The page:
Project Risk – too hot to handle!?

Okay, so we all know that there can be problems in life and in a project! Things go wrong and solutions need to be found.

For your project, it is quite important that you are aware of the risks associated with what you’re doing.

Risk management is another key area within project management and below are seven steps that allow you to keep on top of your risks and manage them successfully.

1. Take time to identify risks

You just have to develop an awareness of what could possibly go wrong within your project. to do this, some key questions to ask are:

  • Where have we experienced problems before?
  • Where can we see the potential for problem already?
  • What are the areas of slightly unknown work where we could have problems because of our lack of knowledge?

2. Valuate your identified risks

Quite simply evaluate the likelihood of each risk factor within the project. You will find some high risk areas. And you will be able also to identify issues which are very unlikely to happen.When you evaluate risks also ask yourself what the potential damage could be.

3. Develop strategies

You will have two groups of risks:

  • high risk elements
  • low risk elements

Once you have confirmed their status as high or low with your key stakeholders, you can now tackle each risk in the following way:

  • some risks have to be totally avoided -> how do you do that?
  • some risks can be reduced to a safe level
  • some risks can be passed on to other departments for assessment and handling
  • and some risks we just have to accept and be aware off

4. Identify action points

There is no point knowing about the risk and not doing anything it!
Once you have established a risk that requires your attention you have two possible routes for action:

  • develop a plan as to how you can avoid this event happening
  • develop a plan to reduce the damage this may cause

5. Making it happen

It’s quite obvious – if you have developed a plan as to how to avoid a problem happening or you have come up with a way to reduce the damage, these ideas need to be implemented.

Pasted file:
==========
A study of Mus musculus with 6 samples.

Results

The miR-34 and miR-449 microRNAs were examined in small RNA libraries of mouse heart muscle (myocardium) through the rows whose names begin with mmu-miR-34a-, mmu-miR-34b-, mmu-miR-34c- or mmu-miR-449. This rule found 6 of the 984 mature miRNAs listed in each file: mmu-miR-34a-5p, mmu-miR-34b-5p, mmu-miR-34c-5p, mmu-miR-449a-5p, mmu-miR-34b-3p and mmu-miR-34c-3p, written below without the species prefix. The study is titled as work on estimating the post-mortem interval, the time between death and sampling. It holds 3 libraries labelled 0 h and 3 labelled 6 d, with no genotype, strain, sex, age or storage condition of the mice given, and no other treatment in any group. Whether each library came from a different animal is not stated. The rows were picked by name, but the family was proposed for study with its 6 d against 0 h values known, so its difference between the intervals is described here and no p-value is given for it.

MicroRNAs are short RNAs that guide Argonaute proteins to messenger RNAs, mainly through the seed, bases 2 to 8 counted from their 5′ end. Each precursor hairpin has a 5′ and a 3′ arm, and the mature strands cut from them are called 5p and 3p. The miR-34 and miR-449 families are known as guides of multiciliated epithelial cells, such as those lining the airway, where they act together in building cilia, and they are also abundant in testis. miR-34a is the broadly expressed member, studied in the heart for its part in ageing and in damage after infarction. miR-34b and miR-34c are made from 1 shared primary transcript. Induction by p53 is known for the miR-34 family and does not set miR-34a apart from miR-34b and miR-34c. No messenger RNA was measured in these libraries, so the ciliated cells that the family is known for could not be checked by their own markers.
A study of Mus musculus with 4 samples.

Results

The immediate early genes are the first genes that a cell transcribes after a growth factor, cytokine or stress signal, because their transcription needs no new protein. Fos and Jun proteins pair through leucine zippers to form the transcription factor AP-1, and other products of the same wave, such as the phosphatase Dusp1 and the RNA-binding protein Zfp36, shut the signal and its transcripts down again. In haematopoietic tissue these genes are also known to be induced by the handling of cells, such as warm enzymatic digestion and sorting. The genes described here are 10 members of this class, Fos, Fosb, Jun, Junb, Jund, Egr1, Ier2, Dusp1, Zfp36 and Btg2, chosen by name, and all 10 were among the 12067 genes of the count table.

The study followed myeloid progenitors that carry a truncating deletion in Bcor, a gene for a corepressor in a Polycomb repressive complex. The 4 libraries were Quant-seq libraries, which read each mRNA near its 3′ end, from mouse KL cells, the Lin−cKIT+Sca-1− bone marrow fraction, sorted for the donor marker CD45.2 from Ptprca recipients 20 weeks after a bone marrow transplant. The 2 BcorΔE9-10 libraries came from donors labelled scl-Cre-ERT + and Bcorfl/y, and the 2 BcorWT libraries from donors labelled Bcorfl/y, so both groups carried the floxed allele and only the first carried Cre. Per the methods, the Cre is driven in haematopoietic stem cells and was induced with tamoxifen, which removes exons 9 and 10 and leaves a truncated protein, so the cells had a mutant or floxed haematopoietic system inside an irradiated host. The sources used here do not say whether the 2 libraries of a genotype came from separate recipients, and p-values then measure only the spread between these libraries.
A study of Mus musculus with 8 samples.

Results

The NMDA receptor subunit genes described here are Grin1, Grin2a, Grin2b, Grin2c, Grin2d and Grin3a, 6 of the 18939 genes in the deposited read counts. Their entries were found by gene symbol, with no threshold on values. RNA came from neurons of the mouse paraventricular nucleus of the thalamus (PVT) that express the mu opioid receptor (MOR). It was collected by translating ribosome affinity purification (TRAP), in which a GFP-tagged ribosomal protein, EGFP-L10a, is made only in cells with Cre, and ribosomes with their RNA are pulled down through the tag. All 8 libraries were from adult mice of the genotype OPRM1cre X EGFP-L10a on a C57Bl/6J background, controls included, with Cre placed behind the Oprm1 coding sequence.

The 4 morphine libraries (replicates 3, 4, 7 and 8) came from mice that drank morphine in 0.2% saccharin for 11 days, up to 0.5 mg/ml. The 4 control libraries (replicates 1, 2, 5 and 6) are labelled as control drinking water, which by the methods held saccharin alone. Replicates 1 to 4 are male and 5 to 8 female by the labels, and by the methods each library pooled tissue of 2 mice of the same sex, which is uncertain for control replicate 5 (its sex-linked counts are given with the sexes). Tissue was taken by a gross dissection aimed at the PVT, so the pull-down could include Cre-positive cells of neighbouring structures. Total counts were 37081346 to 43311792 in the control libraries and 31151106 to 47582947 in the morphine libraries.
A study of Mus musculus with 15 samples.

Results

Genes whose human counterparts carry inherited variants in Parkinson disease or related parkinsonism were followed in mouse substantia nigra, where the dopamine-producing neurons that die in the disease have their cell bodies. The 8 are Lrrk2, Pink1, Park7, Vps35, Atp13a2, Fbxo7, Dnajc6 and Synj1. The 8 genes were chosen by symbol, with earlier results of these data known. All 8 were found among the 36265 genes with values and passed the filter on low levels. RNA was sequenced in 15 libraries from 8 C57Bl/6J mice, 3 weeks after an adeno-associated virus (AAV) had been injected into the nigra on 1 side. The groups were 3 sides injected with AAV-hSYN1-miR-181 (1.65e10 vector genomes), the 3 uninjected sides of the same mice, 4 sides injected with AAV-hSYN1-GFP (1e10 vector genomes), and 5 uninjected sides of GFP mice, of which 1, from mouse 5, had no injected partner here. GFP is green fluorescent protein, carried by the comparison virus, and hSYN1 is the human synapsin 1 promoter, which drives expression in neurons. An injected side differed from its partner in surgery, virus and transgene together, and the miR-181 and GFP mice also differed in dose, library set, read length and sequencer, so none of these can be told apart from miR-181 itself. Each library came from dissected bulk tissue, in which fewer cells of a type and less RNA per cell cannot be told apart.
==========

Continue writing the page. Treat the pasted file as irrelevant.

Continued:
• Who on your team needs to be part of the implementation? (Don’t forget to to keep your stakeholders informed!)
  • Which aspects of the projects are impacted by this?

6. Is it working?

The proof is in the pudding! Check whether your risk management strategy works – at this point you will realise whether you have made the right assumptions and identified the right risks. Your responses/plans either don’t work or they will need to be realigned.
Don’t be scared to revisit this place regularly to ensure you are on top of things!
It’s quite key to not rely just on your own judgement. Involve your whole team in assessing whether your risk management strategy works.

7. Keeping and eye out

Risk management is something that is very much ongoing. You can easily find that something initially assessed as low risk slowly becomes much more high risk. If you’ve got your eyes open for this, you will pick up on it and assess it with your team. Going through all the points outlined above. It is also key to be aware that at any time you may acquire new risk factors. So keeping your eyes open is a good idea!

Top tip: ongoing conversations with your key stakeholders and your team will allow you to consistently stay in a risk aware state – assess and re-assess all the time!